Reprinted from ibmecmblog.com
Today’s Post By: Elissa Redmiles (who but me), Market Segment Manager, IBM Enterprise Content Management
Coming into the final general session at IBM Insight Wednesday morning, everyone was buzzing with anticipation to hear Captain Phillips and Kevin Spacey. Little did we know that an even more surprising guest awaited us inside the amphitheater at Mandalay Bay: Chris Moody, Twitter’s Vice President of Data Strategy.
With over 1 billion users worldwide, most of whom are individuals rather than businesses, many people may have wondered where Twitter fit into the strategy of an enterprise technology provider like IBM. This was the question on everyone’s mind when Chris Moody walked onto the IBM Insight main stage. Our surprise quickly turned to shock and excitement when Moody announced that IBM and Twitter were teaming up to put IBM’s software and Twitter’s data to work in a new #IBMandTwitter partnership. Like many of those who heard the announcement, you’re probably curious what this alliance has to offer you and your organization:
- A new source of business insight. Twitter’s immense quantity of data about people and their behaviors, purchasing patterns, marketing response and more will be integrated with select IBM cloud-based analytics solutions, including IBM Watson Analytics and IBM BlueMix, giving IBM customers access to the vast power and insight of Twitter data.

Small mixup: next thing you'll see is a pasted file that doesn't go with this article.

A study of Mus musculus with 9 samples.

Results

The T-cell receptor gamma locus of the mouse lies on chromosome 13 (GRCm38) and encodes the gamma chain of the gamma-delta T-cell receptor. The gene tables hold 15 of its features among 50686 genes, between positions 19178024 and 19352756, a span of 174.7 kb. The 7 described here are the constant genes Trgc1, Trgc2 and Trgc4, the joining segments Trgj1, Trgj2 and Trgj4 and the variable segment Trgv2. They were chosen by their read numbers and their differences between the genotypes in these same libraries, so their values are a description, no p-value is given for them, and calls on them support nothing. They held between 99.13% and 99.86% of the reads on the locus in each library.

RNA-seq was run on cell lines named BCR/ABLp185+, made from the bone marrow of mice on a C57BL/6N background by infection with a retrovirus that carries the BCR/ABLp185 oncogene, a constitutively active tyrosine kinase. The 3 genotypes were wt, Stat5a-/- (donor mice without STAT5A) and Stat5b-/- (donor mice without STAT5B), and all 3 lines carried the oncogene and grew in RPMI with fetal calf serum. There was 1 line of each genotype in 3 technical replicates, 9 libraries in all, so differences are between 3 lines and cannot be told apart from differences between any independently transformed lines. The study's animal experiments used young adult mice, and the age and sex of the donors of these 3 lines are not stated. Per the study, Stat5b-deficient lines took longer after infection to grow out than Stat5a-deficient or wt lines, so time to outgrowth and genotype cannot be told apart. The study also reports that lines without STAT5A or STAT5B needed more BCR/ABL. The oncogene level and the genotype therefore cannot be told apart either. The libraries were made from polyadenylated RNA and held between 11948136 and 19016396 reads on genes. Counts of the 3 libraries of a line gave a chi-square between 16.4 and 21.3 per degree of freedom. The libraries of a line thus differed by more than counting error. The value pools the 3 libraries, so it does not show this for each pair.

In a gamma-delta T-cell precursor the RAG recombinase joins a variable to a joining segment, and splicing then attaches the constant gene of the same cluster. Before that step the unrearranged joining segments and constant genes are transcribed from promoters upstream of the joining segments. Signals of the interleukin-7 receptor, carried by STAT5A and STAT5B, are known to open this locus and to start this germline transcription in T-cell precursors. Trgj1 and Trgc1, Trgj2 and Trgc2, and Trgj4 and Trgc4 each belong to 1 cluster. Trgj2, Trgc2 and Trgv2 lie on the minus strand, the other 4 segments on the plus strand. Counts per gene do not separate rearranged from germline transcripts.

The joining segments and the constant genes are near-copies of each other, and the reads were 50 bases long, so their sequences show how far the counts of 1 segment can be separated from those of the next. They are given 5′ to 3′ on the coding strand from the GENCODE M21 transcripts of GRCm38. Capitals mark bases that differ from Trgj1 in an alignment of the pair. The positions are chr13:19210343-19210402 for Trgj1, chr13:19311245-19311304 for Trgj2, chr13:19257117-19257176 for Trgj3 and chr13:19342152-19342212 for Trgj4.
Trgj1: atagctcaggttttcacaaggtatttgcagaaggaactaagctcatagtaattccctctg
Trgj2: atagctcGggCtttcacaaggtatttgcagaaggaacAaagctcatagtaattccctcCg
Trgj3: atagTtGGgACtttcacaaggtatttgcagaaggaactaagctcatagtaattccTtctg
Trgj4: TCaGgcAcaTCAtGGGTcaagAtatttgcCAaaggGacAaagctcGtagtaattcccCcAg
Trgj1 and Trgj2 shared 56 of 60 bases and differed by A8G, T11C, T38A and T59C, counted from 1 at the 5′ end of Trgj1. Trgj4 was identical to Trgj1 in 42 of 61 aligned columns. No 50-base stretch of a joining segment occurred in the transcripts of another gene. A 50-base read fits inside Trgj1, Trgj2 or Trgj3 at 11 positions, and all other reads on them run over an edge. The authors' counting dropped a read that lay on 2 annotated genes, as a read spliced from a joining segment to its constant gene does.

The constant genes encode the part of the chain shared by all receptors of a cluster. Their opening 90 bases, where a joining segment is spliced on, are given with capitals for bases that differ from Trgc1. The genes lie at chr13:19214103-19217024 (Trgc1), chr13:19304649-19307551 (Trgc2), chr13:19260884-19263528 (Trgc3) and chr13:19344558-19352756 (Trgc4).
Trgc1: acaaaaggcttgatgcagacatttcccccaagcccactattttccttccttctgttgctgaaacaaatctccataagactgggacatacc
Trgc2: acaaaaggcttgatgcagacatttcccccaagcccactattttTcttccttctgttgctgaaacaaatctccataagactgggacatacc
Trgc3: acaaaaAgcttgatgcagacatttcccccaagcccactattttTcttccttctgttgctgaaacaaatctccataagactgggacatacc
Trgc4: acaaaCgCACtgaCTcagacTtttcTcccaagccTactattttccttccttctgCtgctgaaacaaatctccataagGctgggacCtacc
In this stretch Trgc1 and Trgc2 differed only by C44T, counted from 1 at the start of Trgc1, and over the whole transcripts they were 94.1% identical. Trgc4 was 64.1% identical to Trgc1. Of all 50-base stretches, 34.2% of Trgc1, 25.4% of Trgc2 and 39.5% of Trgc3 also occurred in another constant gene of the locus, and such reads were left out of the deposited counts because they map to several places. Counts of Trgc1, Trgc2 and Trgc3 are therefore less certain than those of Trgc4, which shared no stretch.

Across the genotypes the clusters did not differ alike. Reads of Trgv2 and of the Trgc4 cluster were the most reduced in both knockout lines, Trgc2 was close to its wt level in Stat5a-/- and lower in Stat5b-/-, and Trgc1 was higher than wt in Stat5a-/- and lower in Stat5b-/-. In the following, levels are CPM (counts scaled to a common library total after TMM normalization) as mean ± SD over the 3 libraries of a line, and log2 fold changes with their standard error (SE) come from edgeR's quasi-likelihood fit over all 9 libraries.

- Jointly developed IBM and Twitter enterprise solutions. The first solution will be IBM ExperienceOne, a customer engagement solution that will use sentiments and behaviors gleaned from Twitter to inform sales, marketing and customer service decisions.
- Enterprise consulting expertise. 10,000 IBM Global Business Services consultants will be trained to leverage Twitter data to benefit their IBM clients.
Learn more about the #IBMandTwitter partnership.
But even this monumental announcement didn’t detract from the enthusiastic response to appearances by Phillips and Spacey. Captain Phillips described his horrifying experience as a hostage during a pirate takeover of MV Maersk Alabama. What most people don’t know is that IBM software played a key role in his rescue. The US Navy Seals leveraged IBM i2 Enterprise Insight Analysis technology to analyze data gathered from spies and geographic information systems (GIS). This insight enabled them to predict the behavior patterns of Phillips’ captors and ultimately rescue the captain and his crew.
Insight attendees then gave thunderous applause to Kevin Spacey, who delivered a compelling story about his series, House of Cards, and how Netflix’s pioneering use of big data analytics has changed the television industry. Spacey noted, “When we presented the idea of House of Cards to the big television executives, they wanted us to do a pilot. When we presented to Netflix, they asked how many episodes we wanted to make.” Why were the two reactions so different? Big data analytics. Netflix had not only collected, but analyzed, viewer data: including its own data, data from other shows featuring Kevin Spacey, and data from shows similar to the proposed House of Cards. Using this insight, Netflix was able to predict what viewers would want to watch, even before the viewers knew they wanted to watch it. And Netflix was right. In order to break even on the investment in House of Cards, Netflix needed to enroll 500,000 additional subscribers. After the series aired, Netflix had 17 million new subscribers. That’s a pretty good investment.